It became clear in 2009 when the HIV Modes of Transmission Report for Uganda was released. The number of new infections was increasing again and the population mostly contributing to this were the adults. Since the report came out, several other, though, smaller studies have confirmed everybody├ö├ç├ûs fear. Indeed, the prevalence rate stands at 7.2% up from 6.7%.
Makerere University, Uganda├ö├ç├ûs premier University has however, taken the issue to another level; a level that should have been reached as soon as the Modes of Transmission report was released. A public discussion of whether Uganda is implementing the right strategies, targeting the right people and deploying resources in the right places.
As one of the activities to mark Makerere├ö├ç├ûs grand old age of 90 years, the School of Public Health at the Makerere University College of Health Sciences, in partnership with the US Centres for Disease Control and Prevention (CDC), today held a public debate on ├ö├ç├┐HIV Prevention in Uganda: Are We Moving in the Right Direction?├ö├ç├û. The public debate held at the Imperials Royale Hotel attracted close to 1,000 people of different walks of life.
The panellists were nationally and internationally eminent researchers, implementers and activists in the field of HIV/AIDS in Uganda. On the proponents├ö├ç├û bench was Associate Professor Fred Wabwire- Mangen, Director for Regional Centre for Quality of Health Care at the College of Health Sciences and Dr. Stella Alamo-Talisuna, Executive Director, Reach-Out Mbuya. The opponents├ö├ç├û bench was occupied by Dr. Alex Coutinho, Executive Director of the Infectious Diseases Institute at the College of Health Sciences and Ms. Milly Katana, a long-time HIV activist of national and international repute.
In a win-win environment, both sides eloquently brought out the key issue in the HIV/AIDS arena in Uganda today. One of the key issues that came out from the proponents was the fact that clearly there has been some modest positive change in the behaviour of Ugandans.
Professor Wabwire noted that there are new infections occurring because of ARVs where infected people are living longer-which is a positive thing- and may be contributing to the prevalence. He said over the years, human resources have been mobilised to scale up HIV services to have impact, after it was observed that the interventions being implemented were not on scale to have the desired impact.
Professor Wabwire the country also has one of the best HIV Prevention Strategies in Africa, whose goal is to reduce HIV infection by 30% by 2015, which would result into averting 200,000 new infections in the next five years. Most importantly, the strategy calls for the scaling up of interventions.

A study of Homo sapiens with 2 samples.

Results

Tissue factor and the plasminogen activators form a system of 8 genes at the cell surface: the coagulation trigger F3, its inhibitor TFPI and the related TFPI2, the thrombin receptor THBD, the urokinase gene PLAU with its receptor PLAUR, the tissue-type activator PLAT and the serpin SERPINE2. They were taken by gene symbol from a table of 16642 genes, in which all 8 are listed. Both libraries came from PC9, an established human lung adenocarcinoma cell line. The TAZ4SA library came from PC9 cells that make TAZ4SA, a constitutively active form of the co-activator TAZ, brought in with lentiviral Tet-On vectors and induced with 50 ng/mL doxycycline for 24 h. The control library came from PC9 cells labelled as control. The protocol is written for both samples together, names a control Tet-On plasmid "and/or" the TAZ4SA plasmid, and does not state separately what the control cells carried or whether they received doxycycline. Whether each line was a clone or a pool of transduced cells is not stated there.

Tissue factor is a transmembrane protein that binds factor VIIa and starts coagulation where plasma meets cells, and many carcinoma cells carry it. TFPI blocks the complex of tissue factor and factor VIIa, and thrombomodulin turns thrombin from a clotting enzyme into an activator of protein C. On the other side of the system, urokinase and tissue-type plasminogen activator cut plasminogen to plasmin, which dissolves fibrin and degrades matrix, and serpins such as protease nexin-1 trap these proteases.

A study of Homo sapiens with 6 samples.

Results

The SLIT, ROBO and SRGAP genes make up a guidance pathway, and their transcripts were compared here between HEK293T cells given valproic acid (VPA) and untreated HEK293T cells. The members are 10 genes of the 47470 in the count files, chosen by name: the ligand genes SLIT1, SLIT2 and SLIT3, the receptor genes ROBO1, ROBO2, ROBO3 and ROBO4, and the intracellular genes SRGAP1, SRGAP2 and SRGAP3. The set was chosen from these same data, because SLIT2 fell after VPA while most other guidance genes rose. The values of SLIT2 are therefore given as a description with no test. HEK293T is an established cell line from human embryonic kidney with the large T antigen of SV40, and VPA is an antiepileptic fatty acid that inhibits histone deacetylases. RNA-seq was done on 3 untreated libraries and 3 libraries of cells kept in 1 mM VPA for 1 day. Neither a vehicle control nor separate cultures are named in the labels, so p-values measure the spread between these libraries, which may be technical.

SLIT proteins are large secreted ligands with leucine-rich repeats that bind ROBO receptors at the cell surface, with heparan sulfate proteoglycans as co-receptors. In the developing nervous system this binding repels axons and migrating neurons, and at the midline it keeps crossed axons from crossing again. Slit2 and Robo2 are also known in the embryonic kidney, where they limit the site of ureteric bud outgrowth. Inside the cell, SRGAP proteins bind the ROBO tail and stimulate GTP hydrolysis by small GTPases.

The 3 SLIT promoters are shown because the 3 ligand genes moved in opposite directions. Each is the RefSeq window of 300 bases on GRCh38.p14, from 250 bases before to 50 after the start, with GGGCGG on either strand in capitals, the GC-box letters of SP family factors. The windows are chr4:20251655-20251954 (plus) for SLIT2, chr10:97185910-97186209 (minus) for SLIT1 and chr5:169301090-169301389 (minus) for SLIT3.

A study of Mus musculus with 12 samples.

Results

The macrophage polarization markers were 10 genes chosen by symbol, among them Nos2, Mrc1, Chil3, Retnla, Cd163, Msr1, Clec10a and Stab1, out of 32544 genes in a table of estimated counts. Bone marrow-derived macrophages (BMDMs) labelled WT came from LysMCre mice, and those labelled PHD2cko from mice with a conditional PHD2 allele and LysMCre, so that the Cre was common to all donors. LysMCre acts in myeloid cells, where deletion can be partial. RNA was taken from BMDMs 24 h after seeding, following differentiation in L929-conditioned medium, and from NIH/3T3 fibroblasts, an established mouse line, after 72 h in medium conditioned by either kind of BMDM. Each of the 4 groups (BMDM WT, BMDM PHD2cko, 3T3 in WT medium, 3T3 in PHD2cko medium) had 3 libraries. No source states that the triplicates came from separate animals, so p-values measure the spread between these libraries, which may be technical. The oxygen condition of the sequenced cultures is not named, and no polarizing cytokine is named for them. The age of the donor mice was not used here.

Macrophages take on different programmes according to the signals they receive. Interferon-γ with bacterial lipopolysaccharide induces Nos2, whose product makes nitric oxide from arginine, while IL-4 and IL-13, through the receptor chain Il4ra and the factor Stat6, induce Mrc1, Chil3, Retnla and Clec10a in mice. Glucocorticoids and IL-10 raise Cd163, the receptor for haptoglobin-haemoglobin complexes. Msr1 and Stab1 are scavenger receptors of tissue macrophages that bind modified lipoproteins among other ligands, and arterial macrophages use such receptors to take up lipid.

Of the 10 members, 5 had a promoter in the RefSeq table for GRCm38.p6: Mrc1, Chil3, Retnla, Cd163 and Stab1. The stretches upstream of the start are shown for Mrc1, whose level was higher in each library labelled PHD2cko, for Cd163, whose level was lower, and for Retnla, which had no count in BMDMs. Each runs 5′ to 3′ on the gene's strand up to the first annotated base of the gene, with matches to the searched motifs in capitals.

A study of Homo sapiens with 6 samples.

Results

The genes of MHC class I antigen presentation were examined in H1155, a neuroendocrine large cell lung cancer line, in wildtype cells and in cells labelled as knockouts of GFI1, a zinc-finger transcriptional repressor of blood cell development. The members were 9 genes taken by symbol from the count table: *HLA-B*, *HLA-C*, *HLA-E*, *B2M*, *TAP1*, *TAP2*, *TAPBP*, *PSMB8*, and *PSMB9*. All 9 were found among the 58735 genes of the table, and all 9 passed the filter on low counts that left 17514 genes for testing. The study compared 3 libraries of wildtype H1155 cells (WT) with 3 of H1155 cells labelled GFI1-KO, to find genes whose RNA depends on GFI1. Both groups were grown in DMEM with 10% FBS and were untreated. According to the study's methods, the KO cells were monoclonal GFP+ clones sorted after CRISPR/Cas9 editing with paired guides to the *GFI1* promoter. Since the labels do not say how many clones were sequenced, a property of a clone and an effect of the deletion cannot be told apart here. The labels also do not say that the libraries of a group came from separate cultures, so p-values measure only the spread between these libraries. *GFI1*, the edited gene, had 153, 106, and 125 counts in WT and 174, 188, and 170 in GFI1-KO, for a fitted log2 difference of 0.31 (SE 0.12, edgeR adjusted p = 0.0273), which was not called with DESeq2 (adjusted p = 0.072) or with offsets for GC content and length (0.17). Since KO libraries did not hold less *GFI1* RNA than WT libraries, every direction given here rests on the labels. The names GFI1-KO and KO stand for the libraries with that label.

In her submission, Dr. Stella Alamo noted that Uganda has been judged harshly and gave a few pointers to the fact that the country is moving in the right direction. ├ö├ç┬úThe landmark for Prevention of Mother To Child Transmission of HIV was coined here in Uganda, the 66% prevention control in circumcised men was coined here├ö├ç├ÿ, she submitted.
Dr. Alamo said that the prevention agenda has shifted to engagement in other crucial areas of prevention, like dialogue with sex workers and men who have sex with men.
The debate opponents collectively put up an articulate submission pointing at areas where the current interventions have failed to make impact. Key areas of concern to Dr. Alex Coutinho were lack of leadership commitment, weak community engagement, promotion of single interventions like circumcision and abstinence creating a ├ö├ç├┐magic bullet├ö├ç├û illusion, writing wonderful-reading documents (policies and plans) without commitment to implementation.
Dr. Coutinho elaborated that what brought down the infections in the early phase of the epidemic in Uganda was committed leadership right from the President to the village leaders, religious leaders as well as cultural leaders. This, he said, was complimented by focused, well-developed messages that had a tinge of fear.
Dr. Coutihno also said that while all Uganda├ö├ç├ûs neighbours are doing well with the epidemic, with prevalence rates between 6% (Kenya) and 3% (Rwanda), Uganda stands out as a regional sore finger.
In her submission, Ms. Milly Katana pointed out the need for openness that matches with realities that characterise the HIV epidemic today, specifically bringing out the issue of sex workers and men having sex with men. She also emphasised the need for integrated approaches that handle all the key issues like poverty that forces young women into commercial sex work.